The House
on Harmony Hill

The Mississippi Music Foundation nurtures prospective local artists through instruction, encouragement and mentorship.
story by robert lee long photos

By Casey hilder

Purple walls and carpeted ceilings greet visitors as they step inside the studios of the Mississippi Music Foundation located in a renovated community center building off Mississippi Highway 301.


As a visitor makes his way through a maze of hallways, a large room filled with vintage pianos comes into view.
A framed black-and-white photograph of country diva Patsy Cline sits atop a 1962 upright Baldwin model, its leopard-print piano stool worthy of hillbilly rockers like Jerry Lee Lewis. Instead, a waif-like pianist plinks the ivories.


Autumn Redd is only one of scores of prospective musical prodigies that maestro Peter Whitham has coached and mentored on the hopeful road to stardom.


“A friend of my mother’s told me about this place,” says Redd, a diminutive woman with a chic, short jet-black coif. “We came here and looked around and liked what we saw.” Whitham’s Mississippi Music Foundation, established in 2008, provides a money-match grants program to help musicians from all walks of life fulfill their musical dreams.


Whitham, a spectacled, white-maned elfin-like guru who speaks in a lilting British accent, can usually be found in his inner sanctum, a 1960s-style analog studio.


“The acoustics in here are really clean,” Whitham says with a sparkle in his eye like that of an excited child. “There’s just a little reverb which kind of gives everything a little warmth.” A large orchestra area, encased in Indonesian hardwood, lends a cathedral-style sound. If Nashville is the mother church of country music, then Harmony Hill is a blues chapel of sorts tucked away in the rolling North Mississippi hills. “I love what I do,” Whitham says, recounting the day nine years ago when he spied the handsome brick home and the dilapidated community center, a barn really, which was like the proverbial diamond in the rough. “I said, ‘Wow, I can do something with this,’” Whitham says. He gestures toward the inner sanctum, a smaller recording studio with analog equipment. Above the piano, a cadre of orange lava lamps casts an ethereal glow. Whitham’s Harmony Hill stomping grounds offer a window into the recording studios of yesteryear. “Analog is forever,” Whitham says. “Digital will change. It is changing.” On the wall are old-fashioned LP records of Elvis, the Doors and country songsmith David Allan Coe.  “Vinyls are coming back,” Whitham says with the sincerity of a rock and roll sage.


Whitham, of English descent, moved to Mississippi to be at the musical epicenter of American melody: rock and roll, blues, soul and country.
“I came here to perform in 1966 and ended up staying,” Whitham says of his pilgrimage to the U.S. Born in 1956 on the tiny island of Malta in the Mediterranean Sea, Whitham’s musical roots are eclectic. “My grandmother was a concert pianist for Pinewood Studios in the silent movie days,” Whitham says. “She used to stick me under the piano. I absorbed everything like a sponge.” Whitham says his childhood was one of discovery. “As I got older and could sit at the piano I learned the fingering of the keys,” Whitham says. “With little music lessons behind me I began playing the piano at age 10, that was in 1966 when we moved to America.” Whitham’s family made Long Island their home and from there he became a concert pianist.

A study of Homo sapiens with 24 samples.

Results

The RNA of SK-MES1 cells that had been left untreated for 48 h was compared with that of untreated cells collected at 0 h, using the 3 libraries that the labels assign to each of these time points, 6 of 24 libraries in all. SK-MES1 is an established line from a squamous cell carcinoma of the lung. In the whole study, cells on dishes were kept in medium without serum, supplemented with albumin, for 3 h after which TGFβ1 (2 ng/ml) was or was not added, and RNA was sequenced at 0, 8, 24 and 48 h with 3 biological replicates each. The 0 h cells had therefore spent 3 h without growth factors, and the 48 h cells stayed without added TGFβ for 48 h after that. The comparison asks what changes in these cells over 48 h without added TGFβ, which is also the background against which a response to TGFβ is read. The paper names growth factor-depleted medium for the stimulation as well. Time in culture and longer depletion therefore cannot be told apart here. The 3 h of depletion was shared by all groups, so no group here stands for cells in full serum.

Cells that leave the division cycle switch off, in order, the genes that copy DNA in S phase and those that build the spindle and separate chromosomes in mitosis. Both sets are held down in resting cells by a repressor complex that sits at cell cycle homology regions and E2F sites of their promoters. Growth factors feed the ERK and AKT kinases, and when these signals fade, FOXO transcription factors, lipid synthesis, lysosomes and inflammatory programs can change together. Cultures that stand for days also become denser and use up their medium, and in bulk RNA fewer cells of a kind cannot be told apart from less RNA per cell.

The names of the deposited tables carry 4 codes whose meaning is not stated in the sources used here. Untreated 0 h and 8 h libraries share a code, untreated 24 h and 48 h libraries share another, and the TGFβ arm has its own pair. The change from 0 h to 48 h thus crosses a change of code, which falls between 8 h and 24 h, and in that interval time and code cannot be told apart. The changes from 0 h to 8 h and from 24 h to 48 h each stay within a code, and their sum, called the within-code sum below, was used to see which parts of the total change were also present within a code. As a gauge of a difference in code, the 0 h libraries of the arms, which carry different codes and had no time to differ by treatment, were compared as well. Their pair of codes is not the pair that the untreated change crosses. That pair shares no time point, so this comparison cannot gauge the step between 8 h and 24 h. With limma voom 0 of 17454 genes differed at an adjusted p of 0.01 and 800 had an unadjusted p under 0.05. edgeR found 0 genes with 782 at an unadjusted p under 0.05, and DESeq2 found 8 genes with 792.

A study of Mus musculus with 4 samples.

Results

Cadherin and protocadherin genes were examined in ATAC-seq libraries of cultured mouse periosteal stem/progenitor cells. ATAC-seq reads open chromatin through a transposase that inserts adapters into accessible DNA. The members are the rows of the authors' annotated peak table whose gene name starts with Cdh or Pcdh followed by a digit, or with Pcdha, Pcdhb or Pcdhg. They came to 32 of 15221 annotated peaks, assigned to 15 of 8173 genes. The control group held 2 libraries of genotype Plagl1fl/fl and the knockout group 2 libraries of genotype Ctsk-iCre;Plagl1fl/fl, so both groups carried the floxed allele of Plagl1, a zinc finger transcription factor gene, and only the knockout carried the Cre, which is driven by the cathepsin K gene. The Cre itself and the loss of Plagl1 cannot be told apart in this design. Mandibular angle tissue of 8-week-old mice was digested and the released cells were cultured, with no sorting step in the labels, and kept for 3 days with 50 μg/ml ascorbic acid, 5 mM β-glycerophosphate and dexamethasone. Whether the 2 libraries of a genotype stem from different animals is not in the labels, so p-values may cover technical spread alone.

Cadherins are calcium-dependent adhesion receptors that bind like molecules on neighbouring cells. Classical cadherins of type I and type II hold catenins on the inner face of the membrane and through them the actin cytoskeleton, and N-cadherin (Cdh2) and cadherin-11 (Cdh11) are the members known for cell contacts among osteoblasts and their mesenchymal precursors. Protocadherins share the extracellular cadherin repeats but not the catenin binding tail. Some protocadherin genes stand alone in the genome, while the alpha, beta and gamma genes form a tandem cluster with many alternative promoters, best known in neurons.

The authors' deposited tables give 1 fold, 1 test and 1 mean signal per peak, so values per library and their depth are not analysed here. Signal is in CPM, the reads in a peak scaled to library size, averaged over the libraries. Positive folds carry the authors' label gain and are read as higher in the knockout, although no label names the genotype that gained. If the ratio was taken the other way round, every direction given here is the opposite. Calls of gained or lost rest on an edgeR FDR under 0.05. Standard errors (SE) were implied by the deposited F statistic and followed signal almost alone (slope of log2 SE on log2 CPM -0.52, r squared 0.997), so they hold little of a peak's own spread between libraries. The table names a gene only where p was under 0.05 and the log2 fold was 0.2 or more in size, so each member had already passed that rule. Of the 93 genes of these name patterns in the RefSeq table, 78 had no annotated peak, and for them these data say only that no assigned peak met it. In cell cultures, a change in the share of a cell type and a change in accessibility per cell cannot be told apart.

For more than 20 years, Whitham traveled North America and the world on tour for the finest piano manufacturers, both playing and composing. He also taught himself to play many other instruments, but writing and composing as a pianist became his life. In 1985, Peter made his first visit to Memphis while on tour. In 1989, he decided to move to the Memphis area, making it his new home. “I was looking for a new place to live, and Mississippi was the new frontier,” Whitham says. “There are so many musicians who are from Mississippi. As far as the music is concerned, the Music Foundation is attempting to document those musicians before they are gone. We’re not exactly the richest state, but there is a lot of hidden talent here.”


Whitham hosted a Fox television music show in which he interviewed some of the Mid-Southerners who have made it big on the music scene like soul sensation Al Green and rapper Master P. “It’s about the authenticity of music,” Whitham says. “With country and blues it’s about the stories.” His Mississippi Music Foundation also coordinates weekly workshops on songwriting, recording, merchandising and other industry-related topics.


The Music Foundation offers a portion of its website for networking to provide the opportunity to collaborate between artists and entertainment buyers. The “Come Together” section on its website offer tips for the working musicians including touring, CD replication, merchandising, audio and lighting. This feature, as well as discounts for merchandise and services through MSMF partners, will be free to MSMF friends. Resources are available 24/7 to support musicians from all walks of life.


The Music Foundation has provided music for the Community Foundation’s annual Crystal Ball and other charitable gifts in addition to awarding grants to more than 60 musical acts so far since its establishment in 2008. Whitham has some advice for aspiring musicians. It’s the same advice he followed 1988 when he began recording his own music, not the music of other “dead musicians.” “Always stay an individual, no matter what gets asked of you,” Whitham says. “Just stay on your path.”